For directions, admission rates and hours of operation, please visit the Arizona-Sonora Desert Museum website.
Bumbling through the air like misguided toy airplanes, Palo Verde Root Borer beetles are a familiar – and often intimidating – sight to Southern Arizona residents. After spending several years as larvae gnawing through the roots of Mexican Palo Verde trees, the adult beetles emerge when the first monsoon rains drench the desert soil.
"Measuring up to five inches, the Palo Verde Root Borer is the longest beetle found in the Sonoran Desert," said Wendy Moore, who recently joined the UA's College of Agriculture and Life Sciences as an assistant professor of Insect Systematics.
She reaches into a clear plastic box sitting on a bench in her lab and lifts up a folded paper towel protecting a magnificent specimen of the dark brown, hefty insect that goes by the scientific name of Derobrachus hovorei. Its sturdy, whip-like feelers span almost the entire length of its body and are attached next to a set of ferocious-looking jaws.
"This is how you pick them up without getting bitten," Moore says. She grabs the animal between thumb and index finger where its wing covers are attached to the body and lifts it out of its little habitat. The beetle doesn't seem to mind.
"These beetles are not dangerous in any way," said Moore, who is also the curator of the UA's insect collection. "Sure, they can bite with their powerful mandibles, but only if they're handled improperly."
Fearsome as they may look, Palo Verde Root Borers will never attack or deliberately bite. As a matter of fact, they don't even eat.
"Once the grubs change into adult beetles and emerge from the ground, their life is almost over," Moore says. "All they do is fly around in search for a mate. Once they accomplish that, they die. That's why we have difficulty keeping them in the lab. They won't eat anything."
"We want to share our excitement about these animals," said Moore, who organizes the event. "Beetles don't hurt you, they're not blood-sucking bugs, you won't get a disease from them, and they're amazingly beautiful."
Music by The Beatles will accompany the event, which will be held in the museum's Desert Garden from 7-9 p.m.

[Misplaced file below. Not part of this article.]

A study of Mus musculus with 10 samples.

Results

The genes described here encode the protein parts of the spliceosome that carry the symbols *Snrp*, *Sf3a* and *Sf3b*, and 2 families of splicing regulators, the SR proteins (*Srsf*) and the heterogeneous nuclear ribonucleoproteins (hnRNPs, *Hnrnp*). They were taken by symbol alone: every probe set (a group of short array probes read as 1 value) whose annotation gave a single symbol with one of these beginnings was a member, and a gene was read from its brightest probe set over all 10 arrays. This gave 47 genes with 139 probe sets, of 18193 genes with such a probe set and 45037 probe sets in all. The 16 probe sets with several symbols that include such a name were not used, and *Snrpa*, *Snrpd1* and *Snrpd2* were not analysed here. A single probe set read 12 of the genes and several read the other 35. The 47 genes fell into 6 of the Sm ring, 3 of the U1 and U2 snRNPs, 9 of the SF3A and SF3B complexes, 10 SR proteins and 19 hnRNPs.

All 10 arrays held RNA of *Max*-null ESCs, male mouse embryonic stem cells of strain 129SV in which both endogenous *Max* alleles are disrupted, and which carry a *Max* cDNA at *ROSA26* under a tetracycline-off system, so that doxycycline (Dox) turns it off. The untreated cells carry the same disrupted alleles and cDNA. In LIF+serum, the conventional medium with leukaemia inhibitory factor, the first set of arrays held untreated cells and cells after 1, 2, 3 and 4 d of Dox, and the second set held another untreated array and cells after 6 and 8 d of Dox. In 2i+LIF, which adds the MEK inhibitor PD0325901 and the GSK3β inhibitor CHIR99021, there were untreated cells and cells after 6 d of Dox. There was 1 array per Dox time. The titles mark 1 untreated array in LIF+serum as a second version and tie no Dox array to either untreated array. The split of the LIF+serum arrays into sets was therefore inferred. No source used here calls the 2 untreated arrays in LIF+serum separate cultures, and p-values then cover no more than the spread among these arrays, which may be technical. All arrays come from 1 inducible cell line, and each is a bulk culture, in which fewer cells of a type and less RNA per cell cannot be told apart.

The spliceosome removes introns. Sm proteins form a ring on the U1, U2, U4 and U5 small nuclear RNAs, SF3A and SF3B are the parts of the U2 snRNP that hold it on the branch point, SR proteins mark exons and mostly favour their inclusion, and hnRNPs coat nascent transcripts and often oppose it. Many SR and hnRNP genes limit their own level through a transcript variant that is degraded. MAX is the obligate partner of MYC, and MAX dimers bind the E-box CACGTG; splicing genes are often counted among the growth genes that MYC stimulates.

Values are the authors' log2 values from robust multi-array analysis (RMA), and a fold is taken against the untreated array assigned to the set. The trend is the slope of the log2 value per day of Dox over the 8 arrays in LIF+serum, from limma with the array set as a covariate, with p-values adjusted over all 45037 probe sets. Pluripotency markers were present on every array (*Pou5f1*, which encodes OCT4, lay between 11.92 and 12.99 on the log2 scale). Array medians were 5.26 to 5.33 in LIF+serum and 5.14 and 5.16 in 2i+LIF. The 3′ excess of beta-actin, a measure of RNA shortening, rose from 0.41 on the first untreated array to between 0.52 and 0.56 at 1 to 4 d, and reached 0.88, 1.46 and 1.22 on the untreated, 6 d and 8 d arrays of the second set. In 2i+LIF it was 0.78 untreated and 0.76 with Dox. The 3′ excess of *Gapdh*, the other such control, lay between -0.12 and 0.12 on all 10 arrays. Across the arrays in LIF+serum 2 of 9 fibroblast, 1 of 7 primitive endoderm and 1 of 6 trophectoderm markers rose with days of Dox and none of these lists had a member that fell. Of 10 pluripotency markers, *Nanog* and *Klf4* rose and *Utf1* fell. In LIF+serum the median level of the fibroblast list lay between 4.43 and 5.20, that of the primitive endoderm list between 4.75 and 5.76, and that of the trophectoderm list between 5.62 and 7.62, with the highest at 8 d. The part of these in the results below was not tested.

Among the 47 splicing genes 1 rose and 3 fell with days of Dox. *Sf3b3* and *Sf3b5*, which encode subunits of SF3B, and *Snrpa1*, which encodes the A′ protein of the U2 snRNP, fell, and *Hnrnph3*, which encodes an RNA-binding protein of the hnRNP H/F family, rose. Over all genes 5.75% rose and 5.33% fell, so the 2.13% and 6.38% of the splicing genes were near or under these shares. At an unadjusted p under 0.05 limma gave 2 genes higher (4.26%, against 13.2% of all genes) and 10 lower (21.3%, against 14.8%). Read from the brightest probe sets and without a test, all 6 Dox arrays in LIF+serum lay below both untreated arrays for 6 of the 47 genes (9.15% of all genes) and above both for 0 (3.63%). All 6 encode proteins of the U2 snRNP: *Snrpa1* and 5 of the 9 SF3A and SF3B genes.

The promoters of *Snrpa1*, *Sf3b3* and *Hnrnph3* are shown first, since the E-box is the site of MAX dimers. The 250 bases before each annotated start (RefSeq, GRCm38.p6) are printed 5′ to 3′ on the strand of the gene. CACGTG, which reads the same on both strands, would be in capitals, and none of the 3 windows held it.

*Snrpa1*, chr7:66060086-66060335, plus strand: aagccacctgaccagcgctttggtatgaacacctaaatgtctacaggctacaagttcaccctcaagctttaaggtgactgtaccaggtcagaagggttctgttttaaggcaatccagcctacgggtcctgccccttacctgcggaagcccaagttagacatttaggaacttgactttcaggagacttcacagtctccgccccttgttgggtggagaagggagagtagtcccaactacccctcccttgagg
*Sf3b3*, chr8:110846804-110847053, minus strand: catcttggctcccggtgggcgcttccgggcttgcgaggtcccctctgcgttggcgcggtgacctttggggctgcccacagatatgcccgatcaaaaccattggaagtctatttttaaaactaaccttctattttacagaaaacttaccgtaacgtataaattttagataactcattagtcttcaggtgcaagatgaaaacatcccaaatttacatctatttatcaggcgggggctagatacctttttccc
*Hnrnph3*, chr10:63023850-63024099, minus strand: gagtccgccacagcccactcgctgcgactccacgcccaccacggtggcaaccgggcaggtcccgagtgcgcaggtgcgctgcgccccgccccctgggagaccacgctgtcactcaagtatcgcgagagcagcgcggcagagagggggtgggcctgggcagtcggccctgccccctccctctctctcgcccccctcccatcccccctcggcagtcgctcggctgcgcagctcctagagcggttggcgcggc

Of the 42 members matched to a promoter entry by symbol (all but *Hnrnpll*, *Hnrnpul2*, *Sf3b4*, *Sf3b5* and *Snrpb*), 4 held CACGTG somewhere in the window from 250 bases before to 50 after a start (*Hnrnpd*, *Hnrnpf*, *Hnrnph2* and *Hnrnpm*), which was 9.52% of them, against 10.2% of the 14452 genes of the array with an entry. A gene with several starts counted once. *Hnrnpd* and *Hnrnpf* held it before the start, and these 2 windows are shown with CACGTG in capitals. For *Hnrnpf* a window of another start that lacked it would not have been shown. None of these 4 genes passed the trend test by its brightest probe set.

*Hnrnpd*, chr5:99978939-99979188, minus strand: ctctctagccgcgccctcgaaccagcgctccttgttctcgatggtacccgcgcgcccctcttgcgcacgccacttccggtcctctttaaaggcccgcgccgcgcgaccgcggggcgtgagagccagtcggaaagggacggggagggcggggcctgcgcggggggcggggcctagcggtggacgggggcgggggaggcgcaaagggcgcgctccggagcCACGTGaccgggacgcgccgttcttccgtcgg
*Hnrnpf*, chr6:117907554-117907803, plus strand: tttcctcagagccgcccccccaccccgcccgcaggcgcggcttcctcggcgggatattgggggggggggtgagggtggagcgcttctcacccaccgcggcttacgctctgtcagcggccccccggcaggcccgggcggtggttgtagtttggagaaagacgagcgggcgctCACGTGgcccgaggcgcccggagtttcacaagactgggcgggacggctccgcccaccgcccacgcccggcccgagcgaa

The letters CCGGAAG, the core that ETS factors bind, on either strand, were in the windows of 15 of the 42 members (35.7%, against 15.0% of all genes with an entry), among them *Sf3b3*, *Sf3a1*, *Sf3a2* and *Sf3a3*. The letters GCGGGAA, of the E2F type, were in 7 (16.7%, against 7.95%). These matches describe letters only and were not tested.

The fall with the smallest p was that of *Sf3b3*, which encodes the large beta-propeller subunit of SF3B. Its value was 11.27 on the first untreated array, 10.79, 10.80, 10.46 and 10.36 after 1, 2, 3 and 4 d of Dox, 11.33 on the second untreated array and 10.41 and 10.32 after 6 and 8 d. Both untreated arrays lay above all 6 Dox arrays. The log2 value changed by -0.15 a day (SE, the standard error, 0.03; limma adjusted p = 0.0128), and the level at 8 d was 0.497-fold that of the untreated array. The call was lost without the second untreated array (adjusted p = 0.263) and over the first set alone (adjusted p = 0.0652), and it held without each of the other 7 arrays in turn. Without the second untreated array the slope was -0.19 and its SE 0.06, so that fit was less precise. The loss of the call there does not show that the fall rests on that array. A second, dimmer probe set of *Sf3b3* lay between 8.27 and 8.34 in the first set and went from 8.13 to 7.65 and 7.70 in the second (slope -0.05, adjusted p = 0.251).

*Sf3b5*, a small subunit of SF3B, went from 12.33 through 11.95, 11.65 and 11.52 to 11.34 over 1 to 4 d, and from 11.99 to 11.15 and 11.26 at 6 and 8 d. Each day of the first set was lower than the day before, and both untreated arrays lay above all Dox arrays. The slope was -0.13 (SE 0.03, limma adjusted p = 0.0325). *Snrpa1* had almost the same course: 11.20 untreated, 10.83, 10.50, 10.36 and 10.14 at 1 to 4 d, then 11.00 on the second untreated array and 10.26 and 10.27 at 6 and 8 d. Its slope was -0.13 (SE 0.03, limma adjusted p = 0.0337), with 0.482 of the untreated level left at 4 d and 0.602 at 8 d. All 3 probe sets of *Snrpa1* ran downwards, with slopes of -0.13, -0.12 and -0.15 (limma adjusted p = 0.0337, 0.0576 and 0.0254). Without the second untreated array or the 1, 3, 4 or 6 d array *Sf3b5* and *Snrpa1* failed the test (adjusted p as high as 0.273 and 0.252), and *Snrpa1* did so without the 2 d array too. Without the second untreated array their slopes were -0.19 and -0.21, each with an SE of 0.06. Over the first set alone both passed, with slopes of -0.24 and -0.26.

During a 30-minute presentation, Moore will share fascinating and surprising facts about beetles and highlight some of the most attractive ones in our area. Visitors can observe and handle some of Arizona's most beautiful beetles at tables staffed by students and volunteers.
No other animal group has as many species to show for as beetles, she said. Each performs an important – though often still unknown – role in the ecosystem.
"So far, roughly 350,000 species of beetles have been described. Some are pollinators, some help decompose dead organic matter, but what a lot of them do we don't really know yet."
Entomologists such as Moore do not have to venture deep into rain forests or other wild places to discover new species of beetles: Vast numbers lie tucked away in the drawers of museum collections all over the world, waiting to be described.
"The best places to find local beetles are the sky islands," Moore said, "the mountainous areas in southeastern Arizona. That's where we collected most of the ones we are going to show at ‘Meet the Beetles!'"
After the event, the animals will be returned to the places they were collected.
"This is a good time of year to find beetles," Moore says. "Most are active at night and hide during the day, so next time you're out hiking, look under rocks and logs."
"When they fly, beetles use the moonlight for navigation," she adds. "That's why they bump into lights – they confuse it with moonlight."
Many beetle species live on certain plants and can be found when those are in bloom. According to Moore, Desert Broom is a plant that seems to be especially attractive to beetles.
Some beetles found in the Sonoran Desert have evolved fascinating adaptations to cope with water loss and heat.
The Ghost Beetle, for example, secretes a wax covering during the driest and hottest time of the year, turning this normally dark beetle a ghostly white, Moore writes in "Beetles of the Sonoran Desert," a folding pocket guide highlighting some of the most common beetle species around Tucson. The wax keeps precious water inside the insect's body while the white color helps prevent overheating by reflecting sunlight.
As is often the case in evolution, innovation comes at a price. The Cactus Longhorn Beetle (Moneilema gigas) traded its ability to fly for an improved moisture-retaining design.
"Its wing covers are fused together and it doesn't have functioning wings anymore," Moore said. "The fused shell conserves water, but the inability to fly limits this beetle's dispersal, of course."
Another species protects itself by pretending to be a different, much fiercer creature: Tragidion densiventre, which belongs to a group known as longhorn beetles, holds its wing covers and antennae in the same way the Tarantula Wasp does, which reportedly packs one of the most painful stings in the animal kingdom.
The Bombardier Beetle (Brachinus elongatulus), which will be on display at the event, defends itself using an entirely different but equally clever strategy: When harassed, it explosively discharges boiling hot chemicals.